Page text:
Artyom and Chrissie

For almost a whole month, I’ve been thinking about 7 year old Artyom who was sent back to Moscow on a one way, nonstop flight with a note pinned to his coat that explained that his adoptive mom no longer wished to parent him. I’m not going to go into how I feel about what she did because I’ve already hashed all of that out on my blog but it’s pretty obvious to most that this child had problems that his family were not equipped to deal with. If there’s a silver lining to his story, it’s that his next (and hopefully last) family will be MUCH more aware of his needs and better able to dedicate the patience, time, and resources to give him what he needs to thrive.

All children deserve to thrive.


Chrissie is trying very hard to thrive right now. She’s hooked up to a ventilator in a hospital in San Antonio with her mother near her side. Right where her mommy’s been since April 19th when Chrissie first arrived at the hospital to fix a heart defect that her new family knew was “incompatible with life.” They had all of the information they needed and they made the choice knowing full well that she’d need serious help to survive.

I’m almost ashamed to say that I’m not sure I could have made that choice. I know they didn’t do it to earn the admiration of people like me but they sure do have my admiration and respect anyway.

I’m thankful that there are people like Chrissie’s parents who will do this in spite of all of the emotional risks and I’m thankful that Chrissie orphanage in Serbia didn’t downplay or minimize (or completely withhold) the severity of her heart condition. If they had, an unsuspecting family might have easily fallen in love with her sweet smile and brought her home. But other than love, would they have been able to give her what she needed? Would they have been able to dedicate the physical, emotional, financial and medical resources necessary to give her the best hope of a full life? A life beyond her preschool years?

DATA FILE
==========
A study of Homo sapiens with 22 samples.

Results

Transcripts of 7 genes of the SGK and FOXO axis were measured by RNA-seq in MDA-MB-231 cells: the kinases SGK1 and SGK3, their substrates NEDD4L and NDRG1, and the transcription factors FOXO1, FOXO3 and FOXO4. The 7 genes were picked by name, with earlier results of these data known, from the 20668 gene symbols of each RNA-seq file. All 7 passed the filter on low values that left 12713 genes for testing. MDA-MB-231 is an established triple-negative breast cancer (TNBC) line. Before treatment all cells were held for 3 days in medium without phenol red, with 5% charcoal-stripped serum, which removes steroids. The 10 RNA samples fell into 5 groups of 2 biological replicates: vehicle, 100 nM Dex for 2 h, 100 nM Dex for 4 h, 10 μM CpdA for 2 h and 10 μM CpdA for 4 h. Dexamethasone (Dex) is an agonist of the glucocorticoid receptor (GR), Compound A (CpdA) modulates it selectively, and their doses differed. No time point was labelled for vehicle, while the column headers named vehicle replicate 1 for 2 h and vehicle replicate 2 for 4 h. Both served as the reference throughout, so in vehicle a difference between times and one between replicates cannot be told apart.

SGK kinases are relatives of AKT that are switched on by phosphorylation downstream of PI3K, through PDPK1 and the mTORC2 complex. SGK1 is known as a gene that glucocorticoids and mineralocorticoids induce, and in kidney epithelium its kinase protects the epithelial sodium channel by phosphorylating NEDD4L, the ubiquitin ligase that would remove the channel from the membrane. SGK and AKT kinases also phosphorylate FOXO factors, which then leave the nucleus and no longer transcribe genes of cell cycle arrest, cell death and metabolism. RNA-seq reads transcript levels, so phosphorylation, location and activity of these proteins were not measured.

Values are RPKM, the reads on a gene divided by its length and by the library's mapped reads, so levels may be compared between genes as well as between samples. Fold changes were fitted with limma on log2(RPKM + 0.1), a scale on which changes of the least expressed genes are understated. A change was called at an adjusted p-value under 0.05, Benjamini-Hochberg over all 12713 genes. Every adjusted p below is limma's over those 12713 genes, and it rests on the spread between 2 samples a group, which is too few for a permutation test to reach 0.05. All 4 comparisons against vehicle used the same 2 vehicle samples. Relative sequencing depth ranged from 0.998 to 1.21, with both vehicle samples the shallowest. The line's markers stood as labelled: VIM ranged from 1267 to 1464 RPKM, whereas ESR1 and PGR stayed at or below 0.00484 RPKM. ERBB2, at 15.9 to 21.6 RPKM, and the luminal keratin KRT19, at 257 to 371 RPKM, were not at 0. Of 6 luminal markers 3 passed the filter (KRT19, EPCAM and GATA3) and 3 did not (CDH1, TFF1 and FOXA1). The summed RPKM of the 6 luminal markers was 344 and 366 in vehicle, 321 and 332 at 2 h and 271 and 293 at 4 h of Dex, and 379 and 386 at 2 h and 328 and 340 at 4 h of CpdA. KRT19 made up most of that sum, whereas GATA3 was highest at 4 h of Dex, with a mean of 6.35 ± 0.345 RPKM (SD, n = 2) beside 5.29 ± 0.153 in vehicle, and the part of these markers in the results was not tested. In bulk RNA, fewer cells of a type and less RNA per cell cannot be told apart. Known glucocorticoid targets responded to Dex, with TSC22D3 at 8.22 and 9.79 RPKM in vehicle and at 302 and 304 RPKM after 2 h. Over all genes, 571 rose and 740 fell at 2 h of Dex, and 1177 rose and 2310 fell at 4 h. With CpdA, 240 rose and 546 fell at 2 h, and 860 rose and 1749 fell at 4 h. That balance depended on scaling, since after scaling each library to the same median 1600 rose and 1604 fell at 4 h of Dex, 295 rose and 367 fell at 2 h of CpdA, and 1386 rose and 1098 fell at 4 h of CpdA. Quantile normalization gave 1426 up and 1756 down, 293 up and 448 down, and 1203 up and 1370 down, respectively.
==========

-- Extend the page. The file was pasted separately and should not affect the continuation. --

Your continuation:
Could you do it? Could you adopt a child like Chrissie?

I couldn’t.

I know my limitations. If I’d been handed a child like Chrissie, I would have done my best and it would have been a fantastic effort and I’m pretty sure that nobody would find any fault with it but I’m almost certain that it wouldn’t have been as good as the mom and dad she has right now.

Why?

Because this family knew what was coming and they were prepared for it while most of us would only be able to respond to it.

Proactive vs reactive.

Two children.

Two countries.

Two adoptive families.

Two totally different outcomes.

Hopefully, they’ll both have happy endings.

Comments

  1. Wife of the Pres. says:

    Good questions. And I can say Yes, me too.

    Yes, we knew (and still live with the fact) that our DD's heart condition is not curable and her expected lifespan is not normal.

    I think God leads us on our specific paths. Just how I call it b/c I can tell you my DH and I are as ordinary and as incapable as the next person, but we KNEW Li'l Miss was the one whom we'd been waiting and praying for … and she was very sick.

    That is about all we knew. Don't know much more with our waiting son. And yet we go forward in peace.

  2. to answer your question: yes. the first girl i inquired about had a major heart condition with an expected lifespan of possibly only 10. i was in it.
    and on my MCC (medical conditions checklist), under other, i had added: "cancer".

    i guess in some ways this comes down to callings. i don't know. i only know that i hope i'm given the opportunity to adopt again. and i'm certain i'll still be open to those things.